Gandhigiri has no takers in Karnataka (Oct 2 is Gandhi Jayanti)

October 1st, 2008 - 2:41 pm ICT by IANS  

Bangalore, Oct 1 (IANS) As India geared up to celebrate the 139th birth anniversary of Mahatma Gandhi, a group of students fanned out in Karnataka to look for people who lead their lives according to the principles laid down by the apostle of peace. And they failed to find any in a state still recovering from communal clashes in its most peaceful pockets. D. Jeevan Kumar, director of the Centre for Gandhian Studies in Bangalore University, said simply: “Not a single village in Karnataka is following any Gandhian principle.”

“I won’t blame the villagers alone,” Kumar told IANS. “The effect of globalisation and the changing socio-political reality of India have led all of us to slowly forget Gandhi’s great teachings.”

The 21 students from the centre, who went to different villages in Karnataka as part of their dissertation project to find out how many people follow the core Gandhian philosophies, found Gandhian thought almost missing — be it gram swaraj (village self-sufficiency), women’s emancipation, ahimsa (non-violence), satyagraha (the urge for truth), sarvodaya (trusteeship) or fighting untouchability.

Chaitrya Prasad, 23, a student at the centre who researched on women’s emancipation for his dissertation paper in various villages of Bangalore Rural district, within 60 km of this IT hub of India, found that women’s empowerment was a far cry in these villages.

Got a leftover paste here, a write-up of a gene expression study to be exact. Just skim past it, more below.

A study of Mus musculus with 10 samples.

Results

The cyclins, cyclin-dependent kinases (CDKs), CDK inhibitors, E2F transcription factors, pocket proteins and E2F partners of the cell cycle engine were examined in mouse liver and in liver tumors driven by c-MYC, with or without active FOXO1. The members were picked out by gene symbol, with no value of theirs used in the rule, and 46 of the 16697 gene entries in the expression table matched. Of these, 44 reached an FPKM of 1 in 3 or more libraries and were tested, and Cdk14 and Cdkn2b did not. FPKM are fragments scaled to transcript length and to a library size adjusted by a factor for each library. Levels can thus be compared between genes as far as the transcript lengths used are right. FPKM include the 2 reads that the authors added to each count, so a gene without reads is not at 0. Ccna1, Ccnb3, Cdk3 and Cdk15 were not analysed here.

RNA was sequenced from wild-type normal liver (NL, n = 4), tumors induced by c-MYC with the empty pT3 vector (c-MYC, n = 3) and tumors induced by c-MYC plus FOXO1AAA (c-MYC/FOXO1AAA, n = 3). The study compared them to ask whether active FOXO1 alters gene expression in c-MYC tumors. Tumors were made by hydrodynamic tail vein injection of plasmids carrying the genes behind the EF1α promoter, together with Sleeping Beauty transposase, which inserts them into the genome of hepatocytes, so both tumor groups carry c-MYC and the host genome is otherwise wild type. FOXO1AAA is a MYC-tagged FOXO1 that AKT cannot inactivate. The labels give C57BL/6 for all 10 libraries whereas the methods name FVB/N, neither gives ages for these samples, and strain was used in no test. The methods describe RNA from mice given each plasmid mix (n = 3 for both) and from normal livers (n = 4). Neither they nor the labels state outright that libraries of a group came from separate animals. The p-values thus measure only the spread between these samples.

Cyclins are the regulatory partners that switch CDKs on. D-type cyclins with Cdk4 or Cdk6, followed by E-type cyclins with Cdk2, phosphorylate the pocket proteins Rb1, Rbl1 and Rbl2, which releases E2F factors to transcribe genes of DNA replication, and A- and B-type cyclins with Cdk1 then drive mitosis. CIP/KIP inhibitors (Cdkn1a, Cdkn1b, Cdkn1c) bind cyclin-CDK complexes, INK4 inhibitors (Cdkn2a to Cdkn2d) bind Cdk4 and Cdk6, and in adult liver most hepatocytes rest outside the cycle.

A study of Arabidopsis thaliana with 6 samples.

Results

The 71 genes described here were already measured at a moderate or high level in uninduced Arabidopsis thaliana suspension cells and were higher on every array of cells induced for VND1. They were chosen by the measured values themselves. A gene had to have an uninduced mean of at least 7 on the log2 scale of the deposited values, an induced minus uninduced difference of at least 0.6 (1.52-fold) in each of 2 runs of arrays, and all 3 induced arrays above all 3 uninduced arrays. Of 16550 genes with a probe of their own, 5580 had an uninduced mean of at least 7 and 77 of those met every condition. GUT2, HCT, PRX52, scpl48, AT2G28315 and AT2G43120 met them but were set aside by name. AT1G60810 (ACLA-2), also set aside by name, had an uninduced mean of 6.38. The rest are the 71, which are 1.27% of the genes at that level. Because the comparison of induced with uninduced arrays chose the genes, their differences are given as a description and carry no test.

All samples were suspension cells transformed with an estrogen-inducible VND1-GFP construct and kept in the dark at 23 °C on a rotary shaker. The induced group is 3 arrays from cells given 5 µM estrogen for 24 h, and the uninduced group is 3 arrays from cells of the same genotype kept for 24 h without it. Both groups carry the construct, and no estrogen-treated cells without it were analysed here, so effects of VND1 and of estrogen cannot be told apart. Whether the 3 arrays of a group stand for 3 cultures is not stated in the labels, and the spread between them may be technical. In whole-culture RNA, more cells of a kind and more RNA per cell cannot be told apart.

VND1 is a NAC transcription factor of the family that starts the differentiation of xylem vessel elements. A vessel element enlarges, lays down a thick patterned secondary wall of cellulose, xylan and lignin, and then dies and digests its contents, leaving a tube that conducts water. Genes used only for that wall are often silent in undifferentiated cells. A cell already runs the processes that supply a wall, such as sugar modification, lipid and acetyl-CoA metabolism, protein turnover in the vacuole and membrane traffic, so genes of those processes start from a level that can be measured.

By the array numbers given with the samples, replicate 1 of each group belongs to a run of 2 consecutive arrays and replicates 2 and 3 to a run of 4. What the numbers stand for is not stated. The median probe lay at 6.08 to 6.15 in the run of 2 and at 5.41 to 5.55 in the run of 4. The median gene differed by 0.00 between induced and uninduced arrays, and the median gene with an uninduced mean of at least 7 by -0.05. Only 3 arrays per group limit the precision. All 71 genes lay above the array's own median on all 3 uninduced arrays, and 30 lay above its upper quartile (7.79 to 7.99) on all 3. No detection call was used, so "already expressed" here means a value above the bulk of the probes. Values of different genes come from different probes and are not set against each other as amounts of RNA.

“Most of the women of the villages are school dropouts and work as agricultural labourers. The men of the villages feel that women are weaker than them and are better suited for household chores. The idea of women empowerment is yet to reach the villages,” lamented Prasad, who plans to become a social worker and adopt Gandhian philosophy.

Almost similar was the finding of fellow student Mubarak, 22, whose subject was gram swaraj. Mubarak found that many villagers in Chikmagalur district, about 250 km from Bangalore, have no access to health facilities or higher education. He found even agriculture, the main source of livelihood, is in a shambles.

“Villages are poor and lack basic amenities. The villages are yet to have their own self-sustainable economy. Thus, once again the very concept of Gram Swaraj has failed to make any impact on the villages,” rued Mubarak.

The “stark reality” of slow and steady erosion of Gandhian philosophy in society was evident some time back in the centre itself. Inaugurated by former president S. Radhakrishnan in 1965, the centre had no student for five consecutive years till 2007.

In 2007, the centre revised its postgraduate diploma course in Gandhian studies, and now has 21 students. It is a one-year course, an add-on for students of other departments of the university.

Some of the subjects taught under the course are Gandhian Religion and Philosophy, Gandhian Polity and Economy and Gandhian Strategy for Social Transformation.

“We have already started getting applications for the next academic year,” said Kumar. “Now we are also planning to start a few short-term certificate courses.”

The head of the centre feels that schools too should add Gandhian studies in their curriculum to popularise the messages of the Mahatma.

“Gandhi’s philosophy holds tremendous importance today, when we are fighting violence in our daily lives,” he said.

Although the 2006 Bollywood blockbuster “Lage Raho Munnabhai” popularised the concept of Gandhigiri (to follow Gandhi’s teaching of peace and harmony), experts feel it was a temporary trend that faded away quickly.

Karnataka, generally a communally peaceful state, is still reeling from the shock of last month’s attack on churches widely blamed on rightwing Hindu groups. This is the first time that Karnataka saw such largescale assault on churches and prayer halls, including in cosmopolitan Bangalore and in the coastal city of Mangalore that bore the brunt of the vandalism.